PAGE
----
WASHINGTON – Shaedon Sharpe’s basketball journey from London, Ontario, to Glendale, Arizona, will continue next year in Lexington, Kentucky, after the No. 1 player in Arizona made a verbal commitment Tuesday to the University of Kentucky.
The Dream City Christian senior made the eagerly anticipated announcement Tuesday afternoon in a highlight-laden video on social media in which he thanked family, teammates and coaches before declaring for Kentucky.
Sharpe, one of the top recruits in the nation, chose Kentucky over finalists Arizona, Kansas, Oklahoma State and the NBA G-League, winnowed from a top 10 list that also included Arizona State, among others.
But the choice of Kentucky was not unexpected. Sharpe had visited the school in July and spoke highly of the program. 247Sports said in its latest Crystal Ball projections Tuesday that Kentucky was a 100% lock for Sharpe, who told Sports Illustrated this summer that “Kentucky was great.”
“I just liked going to the practices and seeing their (Kentucky’s) style. I feel like I could really rock out in their system because of how they operate,” Sharpe told Sports Illustrated’s Jason Jordan. “I loved Arizona’s campus; I go to school in Arizona, so the weather is great, but I really liked everything about it.”
The Dream City Eagle becomes the first commit of Kentucky’s 2022 class.
Paul Biancardi, ESPN’s national recruiting director for high school basketball, sees Sharpe as an impact player “from day one” at the college level.
“Like any young player, they’ll come in with a big reputation, then they’ll have to learn how to defend, because they all get recruited on their offensive giftedness for the most part or their athleticism,” Biancardi said.
“He’s going to learn how to continue to get open, that’s going to be a big thing,” he said. “Because in college, you have scouting-report defense, which doesn’t allow you to do what you do best.”
Kentucky was in on Sharpe early, but ultimately it was the relationships he built with NBA stars Jamal Murray of the Denver Nuggets and the Oklahoma City Thunder’s Shai Gilgeous-Alexander that Biancardi thinks sold him on Big Blue Nation.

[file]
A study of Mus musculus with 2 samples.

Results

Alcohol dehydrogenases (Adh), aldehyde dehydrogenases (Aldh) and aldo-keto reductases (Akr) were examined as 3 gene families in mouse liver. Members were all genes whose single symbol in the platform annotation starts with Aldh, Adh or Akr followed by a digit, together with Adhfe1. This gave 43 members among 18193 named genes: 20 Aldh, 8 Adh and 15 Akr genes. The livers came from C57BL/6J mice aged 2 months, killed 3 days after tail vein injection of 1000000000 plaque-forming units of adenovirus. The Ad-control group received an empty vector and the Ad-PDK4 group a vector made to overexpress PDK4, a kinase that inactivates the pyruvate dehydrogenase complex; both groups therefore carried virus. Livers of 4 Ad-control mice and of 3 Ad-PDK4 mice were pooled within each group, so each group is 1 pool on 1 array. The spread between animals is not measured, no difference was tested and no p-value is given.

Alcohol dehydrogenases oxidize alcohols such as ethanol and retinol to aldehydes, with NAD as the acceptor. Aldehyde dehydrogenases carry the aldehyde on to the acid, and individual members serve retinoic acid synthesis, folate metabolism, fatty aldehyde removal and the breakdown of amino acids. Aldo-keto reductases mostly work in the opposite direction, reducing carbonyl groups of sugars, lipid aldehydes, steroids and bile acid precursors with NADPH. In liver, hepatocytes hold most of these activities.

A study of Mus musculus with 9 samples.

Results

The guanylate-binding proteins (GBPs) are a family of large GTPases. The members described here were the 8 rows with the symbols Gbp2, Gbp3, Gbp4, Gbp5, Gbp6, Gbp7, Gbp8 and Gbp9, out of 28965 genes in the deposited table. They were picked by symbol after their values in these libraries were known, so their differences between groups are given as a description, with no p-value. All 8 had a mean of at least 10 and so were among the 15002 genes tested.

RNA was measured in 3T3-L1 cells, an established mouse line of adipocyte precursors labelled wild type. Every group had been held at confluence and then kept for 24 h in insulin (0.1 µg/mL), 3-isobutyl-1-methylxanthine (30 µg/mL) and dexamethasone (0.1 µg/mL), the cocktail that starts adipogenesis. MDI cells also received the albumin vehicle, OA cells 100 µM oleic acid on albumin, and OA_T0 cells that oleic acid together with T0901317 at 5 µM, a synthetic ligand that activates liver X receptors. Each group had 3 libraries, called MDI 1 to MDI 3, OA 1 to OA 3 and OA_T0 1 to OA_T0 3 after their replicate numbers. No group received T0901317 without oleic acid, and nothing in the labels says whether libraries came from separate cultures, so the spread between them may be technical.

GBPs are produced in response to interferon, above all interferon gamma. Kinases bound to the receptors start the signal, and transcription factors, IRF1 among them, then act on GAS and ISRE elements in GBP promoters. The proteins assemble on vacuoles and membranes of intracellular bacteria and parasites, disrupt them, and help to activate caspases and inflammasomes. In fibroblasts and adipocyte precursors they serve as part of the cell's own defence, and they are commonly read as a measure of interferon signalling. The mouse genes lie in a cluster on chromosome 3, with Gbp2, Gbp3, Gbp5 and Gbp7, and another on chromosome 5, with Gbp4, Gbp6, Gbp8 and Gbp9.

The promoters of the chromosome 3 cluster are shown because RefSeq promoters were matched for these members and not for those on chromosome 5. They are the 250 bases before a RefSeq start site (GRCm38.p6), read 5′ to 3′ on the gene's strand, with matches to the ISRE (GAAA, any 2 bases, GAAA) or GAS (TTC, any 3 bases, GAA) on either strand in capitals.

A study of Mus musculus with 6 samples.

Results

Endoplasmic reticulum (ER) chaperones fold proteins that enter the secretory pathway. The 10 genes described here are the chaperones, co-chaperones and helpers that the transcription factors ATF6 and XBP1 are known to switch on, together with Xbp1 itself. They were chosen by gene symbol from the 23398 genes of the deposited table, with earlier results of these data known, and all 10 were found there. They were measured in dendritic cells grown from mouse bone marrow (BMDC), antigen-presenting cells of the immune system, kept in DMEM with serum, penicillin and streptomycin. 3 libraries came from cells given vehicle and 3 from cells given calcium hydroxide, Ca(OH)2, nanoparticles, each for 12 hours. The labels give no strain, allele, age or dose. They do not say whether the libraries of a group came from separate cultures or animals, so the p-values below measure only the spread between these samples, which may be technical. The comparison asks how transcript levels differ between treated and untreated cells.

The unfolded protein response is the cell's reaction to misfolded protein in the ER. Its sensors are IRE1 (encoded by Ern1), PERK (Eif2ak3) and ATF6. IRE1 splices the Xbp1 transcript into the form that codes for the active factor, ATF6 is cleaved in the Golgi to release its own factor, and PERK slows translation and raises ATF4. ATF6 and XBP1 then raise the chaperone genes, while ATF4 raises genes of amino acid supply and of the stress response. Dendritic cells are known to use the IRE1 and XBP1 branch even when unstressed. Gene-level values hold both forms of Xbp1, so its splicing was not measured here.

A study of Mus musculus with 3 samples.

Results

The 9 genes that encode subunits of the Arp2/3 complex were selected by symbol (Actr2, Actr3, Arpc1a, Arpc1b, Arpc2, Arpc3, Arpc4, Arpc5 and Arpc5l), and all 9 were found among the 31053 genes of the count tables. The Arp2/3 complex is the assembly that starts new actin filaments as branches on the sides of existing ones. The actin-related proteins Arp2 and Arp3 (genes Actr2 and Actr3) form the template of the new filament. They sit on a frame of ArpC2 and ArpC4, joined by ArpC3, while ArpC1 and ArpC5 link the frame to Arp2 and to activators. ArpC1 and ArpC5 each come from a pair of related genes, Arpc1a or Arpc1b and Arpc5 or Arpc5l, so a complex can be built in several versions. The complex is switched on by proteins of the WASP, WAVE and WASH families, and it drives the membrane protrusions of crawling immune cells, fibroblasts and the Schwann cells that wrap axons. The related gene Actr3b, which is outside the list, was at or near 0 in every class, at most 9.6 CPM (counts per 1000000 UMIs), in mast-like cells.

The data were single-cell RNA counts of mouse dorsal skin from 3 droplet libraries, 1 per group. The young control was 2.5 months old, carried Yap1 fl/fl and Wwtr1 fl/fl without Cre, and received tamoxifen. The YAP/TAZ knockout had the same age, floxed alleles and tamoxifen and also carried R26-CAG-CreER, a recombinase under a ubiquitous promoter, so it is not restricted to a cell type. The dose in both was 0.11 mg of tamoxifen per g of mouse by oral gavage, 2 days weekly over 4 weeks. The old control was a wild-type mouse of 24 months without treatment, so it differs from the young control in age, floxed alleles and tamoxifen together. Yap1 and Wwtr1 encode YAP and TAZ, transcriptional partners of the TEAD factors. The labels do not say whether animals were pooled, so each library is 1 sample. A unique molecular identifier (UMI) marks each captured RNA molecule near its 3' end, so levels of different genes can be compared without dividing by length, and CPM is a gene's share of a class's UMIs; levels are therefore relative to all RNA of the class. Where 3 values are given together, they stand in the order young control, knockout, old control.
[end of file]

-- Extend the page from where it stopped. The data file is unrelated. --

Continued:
“In recruiting, it’s what your peers tell you about a place that matters sometimes more than what the coaches say,” Biancardi said. “And obviously they had two tremendous experiences at Kentucky and I think that played a factor.”
Sharpe played travel ball with Uplay Canada, the same AAU program where Gilgeous-Alexander played in his teens.
There isn’t anything sneaky about Sharpe’s athleticism. You can’t watch his highlights without seeing at least one full-extension dunk, with a leaping vertical and wide wingspan that makes him a multilevel scorer.
His 3-point shot was an area he told Jordan he wanted to work on this summer. He has a nimble step-back to create distance from defenders and gets the most out of his hops off spot-up jumpers.
ESPN moved the combo-guard to No. 1 among current seniors after Jalen Duren of IMG Academy reclassified up a grade to commit to Memphis, and Sharpe had a standout performance at the Nike Elite Youth Basketball League Peach Jam event in July. 247Sports has him as the fourth-best senior.
— Shaedon Sharpe (@ShaedonSharpe) August 8, 2021
Sharpe finished Peach Jam with 21.6 points per game, third-highest of the event. The run was buoyed by a combined 59 points in his team’s two losses to Pro Skills and Indy Heat. By the end of the week, Sharpe was “virtually unguardable with his special blend of quickness, athleticism and three-level scoring ability,” Jordan wrote.
After seeing limited time as a sophomore at Sunrise Christian in Wichita, Kansas, where he averaged 6 points per game, Sharpe transferred to Dream City Christian where he put up 25 points a night as a junior. By the time he transferred, 247Sports had him as the No. 2 Canadian prospect, behind future Sun Devil commit Enoch Boakye.
The two paired on Team Canada for the FIBA U16 Americas Championship, where Sharpe averaged a solid 13 points, 3.7 rebounds, 2.3 assists and 1.3 steals in 21.6 minutes per game in Team Canada’s silver medal run. That’s when Sharpe started drawing serious college attention.
Sharpe is just the third member of the class of 2022 in Arizona to formally commit so far, per 247Sports. With his college plans set, Biancardi says Sharpe can take this year to refine elements of his game.
“Make sure that he handles the ball as a secondary playmaker, not just the shooting guard,” he said. “His ability to find the open man is good, but he’s going to have to look to the open man even more because he may see double-teams this year in high school.
“He’s got to make sure that he’s not just a one-dimensional player, which is, he’s an elite scorer,” Biancardi said. “He’s just got to make sure that his passing and ball handling helps him on the court as much as his jump shot is.”